Easy Goer seemed destined for greatness from birth. Foaled and raised at Claiborne for owner/breeder Ogden Phipps, the strapping chestnut was out of the Champion racemare Relaxing, and was a son of Alydar, hero of Calumet Farm who finished a competitive second in all three legs of Affirmed’s 1978 Triple Crown.
Easy Goer broke his maiden at Saratoga, then won an allowance at Belmont, followed by wins in the Cowdin S. and Champagne S. Those wins appeared almost effortless thanks to his fluid stride, and he was the favorite going into the Breeders’ Cup Juvenile. He did not win that day at Churchill Downs, finishing second to Is It True, but the strength of his victories earned him the Eclipse Award as Champion 2-Year-Old Colt.
Expectations were high for his 3-year-old season and Easy Goer did not disappoint. He won the Swale S. in his sophomore debut, covered the mile in a dazzling 1:32 2/5 winning the Gotham S., and then took the Wood Memorial by daylight. Easy Goer’s career was largely defined by his rivalry with the great Sunday Silence. The two first met in the Kentucky Derby. Sunday Silence broke clear at the top of the stretch and pulled away to win, while Easy Goer rallied in the mud for second. In the Preakness, only a nose separated the rivals in one of the greatest races in history, with Sunday Silence winning again. Easy Goer delivered his revenge in the Belmont S., thwarting a Triple Crown bid, and drawing clear to win by eight. Easy Goer’s Beyer Speed Figure of 122 for the Belmont Stakes remains the highest such figure for a Triple Crown race since Andrew Beyer began releasing his speed figures in 1987. That victory began an amazing five-race winning streak in which he also won the Whitney H., Travers S., Woodward H., and Jockey Club Gold Cup in succession.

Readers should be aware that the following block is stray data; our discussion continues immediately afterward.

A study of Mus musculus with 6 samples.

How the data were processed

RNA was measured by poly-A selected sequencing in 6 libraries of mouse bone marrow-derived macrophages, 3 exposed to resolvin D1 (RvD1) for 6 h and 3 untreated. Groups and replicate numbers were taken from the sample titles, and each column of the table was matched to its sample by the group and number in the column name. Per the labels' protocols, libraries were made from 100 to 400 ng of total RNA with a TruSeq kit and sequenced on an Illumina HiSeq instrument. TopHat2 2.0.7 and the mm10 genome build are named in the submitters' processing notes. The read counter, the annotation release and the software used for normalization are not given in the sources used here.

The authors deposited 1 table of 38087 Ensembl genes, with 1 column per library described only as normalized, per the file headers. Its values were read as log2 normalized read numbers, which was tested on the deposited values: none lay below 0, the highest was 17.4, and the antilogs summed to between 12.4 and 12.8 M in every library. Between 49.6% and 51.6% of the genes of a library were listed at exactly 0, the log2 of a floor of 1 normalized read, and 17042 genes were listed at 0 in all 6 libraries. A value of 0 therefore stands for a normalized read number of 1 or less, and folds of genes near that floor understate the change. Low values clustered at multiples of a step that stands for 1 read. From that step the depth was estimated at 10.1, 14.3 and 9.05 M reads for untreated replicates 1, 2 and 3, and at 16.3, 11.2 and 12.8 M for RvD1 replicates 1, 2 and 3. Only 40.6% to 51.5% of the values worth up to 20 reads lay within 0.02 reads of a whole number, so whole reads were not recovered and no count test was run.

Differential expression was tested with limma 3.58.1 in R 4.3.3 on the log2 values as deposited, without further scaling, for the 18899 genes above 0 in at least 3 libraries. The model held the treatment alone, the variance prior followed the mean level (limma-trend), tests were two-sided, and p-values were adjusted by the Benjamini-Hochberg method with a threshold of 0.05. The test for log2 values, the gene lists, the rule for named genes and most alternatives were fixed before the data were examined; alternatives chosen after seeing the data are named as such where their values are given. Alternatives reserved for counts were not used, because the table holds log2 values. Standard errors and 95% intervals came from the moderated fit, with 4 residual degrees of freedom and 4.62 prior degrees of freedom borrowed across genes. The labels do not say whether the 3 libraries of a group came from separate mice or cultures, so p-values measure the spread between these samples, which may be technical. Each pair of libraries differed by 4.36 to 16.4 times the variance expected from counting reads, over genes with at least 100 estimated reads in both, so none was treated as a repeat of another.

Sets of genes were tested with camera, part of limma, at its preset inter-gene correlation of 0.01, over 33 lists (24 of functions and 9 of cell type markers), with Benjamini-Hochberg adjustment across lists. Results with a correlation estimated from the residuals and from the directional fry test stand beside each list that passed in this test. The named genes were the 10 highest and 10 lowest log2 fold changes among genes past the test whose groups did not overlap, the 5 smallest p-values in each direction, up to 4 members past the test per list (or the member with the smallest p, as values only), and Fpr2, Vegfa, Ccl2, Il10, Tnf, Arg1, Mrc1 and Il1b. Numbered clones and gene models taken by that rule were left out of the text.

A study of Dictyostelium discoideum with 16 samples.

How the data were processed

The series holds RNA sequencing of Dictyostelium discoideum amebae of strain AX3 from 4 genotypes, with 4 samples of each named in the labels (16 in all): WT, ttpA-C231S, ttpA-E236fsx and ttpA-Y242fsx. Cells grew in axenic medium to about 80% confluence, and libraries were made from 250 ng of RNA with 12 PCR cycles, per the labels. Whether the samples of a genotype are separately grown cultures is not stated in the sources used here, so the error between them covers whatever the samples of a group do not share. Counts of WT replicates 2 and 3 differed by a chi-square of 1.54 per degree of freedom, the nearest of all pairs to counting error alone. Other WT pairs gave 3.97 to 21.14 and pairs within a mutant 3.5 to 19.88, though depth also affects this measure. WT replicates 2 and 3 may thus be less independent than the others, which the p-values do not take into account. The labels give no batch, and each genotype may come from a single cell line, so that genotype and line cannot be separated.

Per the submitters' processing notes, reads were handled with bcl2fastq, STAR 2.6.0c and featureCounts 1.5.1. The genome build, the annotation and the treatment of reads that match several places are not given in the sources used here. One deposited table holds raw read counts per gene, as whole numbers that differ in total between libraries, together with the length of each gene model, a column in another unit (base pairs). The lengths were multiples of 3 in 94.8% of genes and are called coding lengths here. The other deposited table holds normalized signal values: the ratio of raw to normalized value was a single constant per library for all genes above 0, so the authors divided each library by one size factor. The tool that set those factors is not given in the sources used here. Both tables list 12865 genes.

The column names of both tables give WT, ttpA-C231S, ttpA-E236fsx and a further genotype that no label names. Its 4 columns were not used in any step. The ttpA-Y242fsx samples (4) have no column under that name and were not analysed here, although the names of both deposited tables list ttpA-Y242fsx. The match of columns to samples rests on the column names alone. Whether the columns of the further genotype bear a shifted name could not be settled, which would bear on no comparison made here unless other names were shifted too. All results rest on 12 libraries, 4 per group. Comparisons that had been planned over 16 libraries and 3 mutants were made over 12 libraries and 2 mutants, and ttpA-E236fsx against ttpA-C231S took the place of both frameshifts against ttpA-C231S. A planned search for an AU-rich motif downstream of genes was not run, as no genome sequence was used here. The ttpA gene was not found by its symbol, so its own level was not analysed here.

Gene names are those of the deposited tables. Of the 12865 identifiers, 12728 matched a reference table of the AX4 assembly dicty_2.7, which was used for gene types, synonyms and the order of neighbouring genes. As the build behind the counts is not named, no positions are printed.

Easy Goer and Sunday Silence met for the final time in the Breeders’ Cup Classic that year, and Sunday Silence prevailed once more, holding off a powerful closing rush from Easy Goer at the wire.
At four, Easy Goer added the Suburban H. to his resume and was retired to stud at his birthplace. He had earned $4.8 million, won 14 races in 20 starts, and was never worse than third. His career as a stallion was cut short. Easy Goer collapsed and died on May 12, 1994. He sired 107 winners, 9 stakes winners, 16 stakes horses from 136 foals. They include Grade 1 winners My Flag, Whitney and Travers S. winner Will’s Way, as well as Ballerina S. winner Furlough.
Easy Goer is buried at Claiborne Farm.